Shares of Vertex Pharmaceuticals Incorporated (NASDAQ: VRTX) were trading 14% higher as of 11 a.m. EDT on Friday. The nice jump for the biotech stock came after Galapagos N.V. (NASDAQ: GLPG) announced disappointing results Thursday evening from a phase 2 clinical study evaluating C2 corrector GLPG2737 in treating cystic fibrosis (CF).
Galapagos' disappointment could mean that Vertex will maintain a virtual monopoly in treating cystic fibrosis. Vertex currently has three approved drugs that improve lung function in CF patients by modulating or correcting dysfunctional CFTR genes. The biotech is evaluating new triple-drug combination therapies that hold even greater promise in helping CF patients.
Like Vertex, Galapagos is also developing triple-drug combos targeting CF. GLPG2737 is one of the three drugs included in a clinical study that's currently in progress. However, the failure of GLPG2737 to improve lung function probably dramatically reduces the chances for success of Galapagos' triple-drug combo.
AbbVie (NYSE: ABBV), Galapagos' partner, opted not to proceed with the development of a second triple-drug combo that also included GLPG2737. Galapagos said that it's "reviewing the future of its CF collaboration with AbbVie."
Vertex, meanwhile, is going full steam ahead with phase 3 clinical studies for two triple-drug CF combos. Two of the three components of both of these combos -- tezacaftor and ivacaftor -- are also components of Symdeko, which won approval from the Food and Drug Administration in treating CF earlier this year. The third drug in the triple-drug combos demonstrated overwhelmingly positive results in phase 2 clinical studies.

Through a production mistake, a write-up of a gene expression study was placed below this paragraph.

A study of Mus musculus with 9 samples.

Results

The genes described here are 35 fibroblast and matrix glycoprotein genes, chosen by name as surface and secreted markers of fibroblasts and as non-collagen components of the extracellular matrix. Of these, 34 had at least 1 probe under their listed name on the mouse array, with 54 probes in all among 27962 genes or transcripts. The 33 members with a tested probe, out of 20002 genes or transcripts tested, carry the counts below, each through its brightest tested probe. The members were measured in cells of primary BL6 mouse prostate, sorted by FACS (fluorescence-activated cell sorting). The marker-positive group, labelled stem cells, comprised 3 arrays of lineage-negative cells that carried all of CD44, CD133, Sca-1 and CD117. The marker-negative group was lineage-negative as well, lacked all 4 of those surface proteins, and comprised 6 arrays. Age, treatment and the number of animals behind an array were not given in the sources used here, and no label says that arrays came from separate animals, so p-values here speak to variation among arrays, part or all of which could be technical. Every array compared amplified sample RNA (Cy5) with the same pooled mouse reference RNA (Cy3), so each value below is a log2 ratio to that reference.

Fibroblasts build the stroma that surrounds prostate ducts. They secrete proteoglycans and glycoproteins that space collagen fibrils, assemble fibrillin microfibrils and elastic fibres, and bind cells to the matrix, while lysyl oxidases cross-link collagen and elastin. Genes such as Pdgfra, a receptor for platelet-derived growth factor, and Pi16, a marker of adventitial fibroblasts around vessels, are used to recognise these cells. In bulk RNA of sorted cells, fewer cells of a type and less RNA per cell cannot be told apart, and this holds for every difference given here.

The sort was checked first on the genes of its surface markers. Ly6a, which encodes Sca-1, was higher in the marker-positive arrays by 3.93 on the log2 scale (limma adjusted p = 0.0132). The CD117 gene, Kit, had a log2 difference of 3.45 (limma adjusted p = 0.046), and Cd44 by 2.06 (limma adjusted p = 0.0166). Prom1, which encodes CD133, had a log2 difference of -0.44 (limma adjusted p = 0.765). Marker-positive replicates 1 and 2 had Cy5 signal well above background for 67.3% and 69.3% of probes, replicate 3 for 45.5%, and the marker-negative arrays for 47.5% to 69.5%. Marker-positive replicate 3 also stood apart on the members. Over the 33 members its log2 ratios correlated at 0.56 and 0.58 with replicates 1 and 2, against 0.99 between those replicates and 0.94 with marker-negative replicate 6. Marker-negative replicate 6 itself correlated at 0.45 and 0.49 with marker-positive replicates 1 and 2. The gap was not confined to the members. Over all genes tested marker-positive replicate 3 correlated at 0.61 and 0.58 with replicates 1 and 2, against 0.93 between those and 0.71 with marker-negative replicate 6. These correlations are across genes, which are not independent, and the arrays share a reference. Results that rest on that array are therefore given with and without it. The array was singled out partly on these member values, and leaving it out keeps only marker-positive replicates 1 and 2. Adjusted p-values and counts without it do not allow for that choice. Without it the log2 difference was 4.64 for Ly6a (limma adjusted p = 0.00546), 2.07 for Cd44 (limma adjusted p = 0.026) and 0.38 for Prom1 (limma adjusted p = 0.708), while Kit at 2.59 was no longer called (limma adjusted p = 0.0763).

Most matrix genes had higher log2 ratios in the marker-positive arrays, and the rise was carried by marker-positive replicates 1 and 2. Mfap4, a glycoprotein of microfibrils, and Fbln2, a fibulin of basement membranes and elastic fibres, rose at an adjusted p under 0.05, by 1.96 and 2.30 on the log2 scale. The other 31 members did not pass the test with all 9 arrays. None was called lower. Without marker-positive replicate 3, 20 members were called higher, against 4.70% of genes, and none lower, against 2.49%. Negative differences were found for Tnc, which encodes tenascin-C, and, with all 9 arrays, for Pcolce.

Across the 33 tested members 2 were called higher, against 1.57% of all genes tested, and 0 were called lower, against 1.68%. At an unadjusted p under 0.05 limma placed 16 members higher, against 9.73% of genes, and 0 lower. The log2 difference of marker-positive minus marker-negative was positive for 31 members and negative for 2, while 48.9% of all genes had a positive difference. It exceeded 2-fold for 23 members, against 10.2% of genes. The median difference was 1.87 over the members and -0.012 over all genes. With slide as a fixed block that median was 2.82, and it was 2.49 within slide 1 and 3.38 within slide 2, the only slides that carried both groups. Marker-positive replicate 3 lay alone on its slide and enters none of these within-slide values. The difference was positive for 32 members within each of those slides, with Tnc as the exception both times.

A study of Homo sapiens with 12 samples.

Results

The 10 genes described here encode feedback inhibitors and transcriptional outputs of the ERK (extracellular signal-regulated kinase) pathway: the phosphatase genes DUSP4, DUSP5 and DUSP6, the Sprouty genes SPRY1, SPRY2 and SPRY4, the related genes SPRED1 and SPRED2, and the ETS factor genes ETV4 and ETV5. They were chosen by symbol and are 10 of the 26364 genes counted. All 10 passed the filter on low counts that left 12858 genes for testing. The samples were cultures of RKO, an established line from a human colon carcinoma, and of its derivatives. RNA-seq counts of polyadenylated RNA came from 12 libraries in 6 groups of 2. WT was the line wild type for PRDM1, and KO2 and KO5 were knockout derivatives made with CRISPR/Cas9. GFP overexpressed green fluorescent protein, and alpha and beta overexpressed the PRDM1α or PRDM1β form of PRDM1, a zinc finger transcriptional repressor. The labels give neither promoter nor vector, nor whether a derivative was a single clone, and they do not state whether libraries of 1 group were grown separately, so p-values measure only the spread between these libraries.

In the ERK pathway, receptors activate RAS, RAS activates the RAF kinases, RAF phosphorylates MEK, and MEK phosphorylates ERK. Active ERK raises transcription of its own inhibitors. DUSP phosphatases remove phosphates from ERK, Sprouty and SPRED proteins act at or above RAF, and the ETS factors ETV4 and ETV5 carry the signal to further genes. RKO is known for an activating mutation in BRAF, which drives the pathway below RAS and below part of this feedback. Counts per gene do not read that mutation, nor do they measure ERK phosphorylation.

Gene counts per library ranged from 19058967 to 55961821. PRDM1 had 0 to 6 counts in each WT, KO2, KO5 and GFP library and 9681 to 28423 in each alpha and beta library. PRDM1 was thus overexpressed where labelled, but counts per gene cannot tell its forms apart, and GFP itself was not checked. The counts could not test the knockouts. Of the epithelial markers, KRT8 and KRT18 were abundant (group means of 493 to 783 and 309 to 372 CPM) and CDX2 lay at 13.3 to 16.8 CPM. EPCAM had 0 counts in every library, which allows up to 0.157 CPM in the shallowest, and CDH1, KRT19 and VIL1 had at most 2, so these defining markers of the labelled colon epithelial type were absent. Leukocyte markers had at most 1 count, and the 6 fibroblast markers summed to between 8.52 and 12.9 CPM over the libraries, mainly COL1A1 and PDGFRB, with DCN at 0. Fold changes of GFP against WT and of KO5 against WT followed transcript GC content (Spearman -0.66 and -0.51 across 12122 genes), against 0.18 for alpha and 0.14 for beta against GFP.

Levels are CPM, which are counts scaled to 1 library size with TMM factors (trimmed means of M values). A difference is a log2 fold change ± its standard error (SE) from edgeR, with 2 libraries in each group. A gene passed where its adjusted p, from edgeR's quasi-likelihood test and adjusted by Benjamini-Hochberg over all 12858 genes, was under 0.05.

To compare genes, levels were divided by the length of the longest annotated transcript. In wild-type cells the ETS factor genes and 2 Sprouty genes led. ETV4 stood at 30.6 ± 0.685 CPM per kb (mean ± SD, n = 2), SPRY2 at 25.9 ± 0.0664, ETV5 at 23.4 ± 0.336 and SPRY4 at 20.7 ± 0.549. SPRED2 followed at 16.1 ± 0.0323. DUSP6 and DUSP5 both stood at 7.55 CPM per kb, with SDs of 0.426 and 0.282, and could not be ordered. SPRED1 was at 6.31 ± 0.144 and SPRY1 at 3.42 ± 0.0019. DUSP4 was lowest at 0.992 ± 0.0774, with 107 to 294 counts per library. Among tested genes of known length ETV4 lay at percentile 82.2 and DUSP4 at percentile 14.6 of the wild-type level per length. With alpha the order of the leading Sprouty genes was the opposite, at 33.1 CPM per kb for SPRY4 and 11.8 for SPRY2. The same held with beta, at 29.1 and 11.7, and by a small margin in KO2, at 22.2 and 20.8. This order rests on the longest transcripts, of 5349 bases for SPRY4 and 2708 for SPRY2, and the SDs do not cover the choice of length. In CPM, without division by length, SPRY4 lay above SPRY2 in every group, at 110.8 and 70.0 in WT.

Vertex CEO Jeff Leiden wasn't too concerned about the potential competition from Galapagos and AbbVie when he spoke at the Cowen healthcare conference in March. He thought that his company's first-mover position would be enough to give Vertex a huge competitive advantage. However, you can bet that Leiden and the rest of the Vertex management team were thrilled to hear the results from Galapagos' clinical study.
The next steps for Vertex are to avoid having its own disappointment from clinical studies of its triple-drug combos. While there's always a risk that could happen, the biotech appears to be in great shape to announce positive data relatively soon. Vertex hopes to prepare regulatory filings for its triple-drug combos in treating CF patients with one F5808del mutation and one minimal function mutation based on four weeks of efficacy data and 12 weeks of safety data.
Unless there's a stunning setback, Vertex now appears likely to rule the CF market for the next several years. Investors can look for further catalysts as the biotech announces its triple-drug combo results and expands into new indications.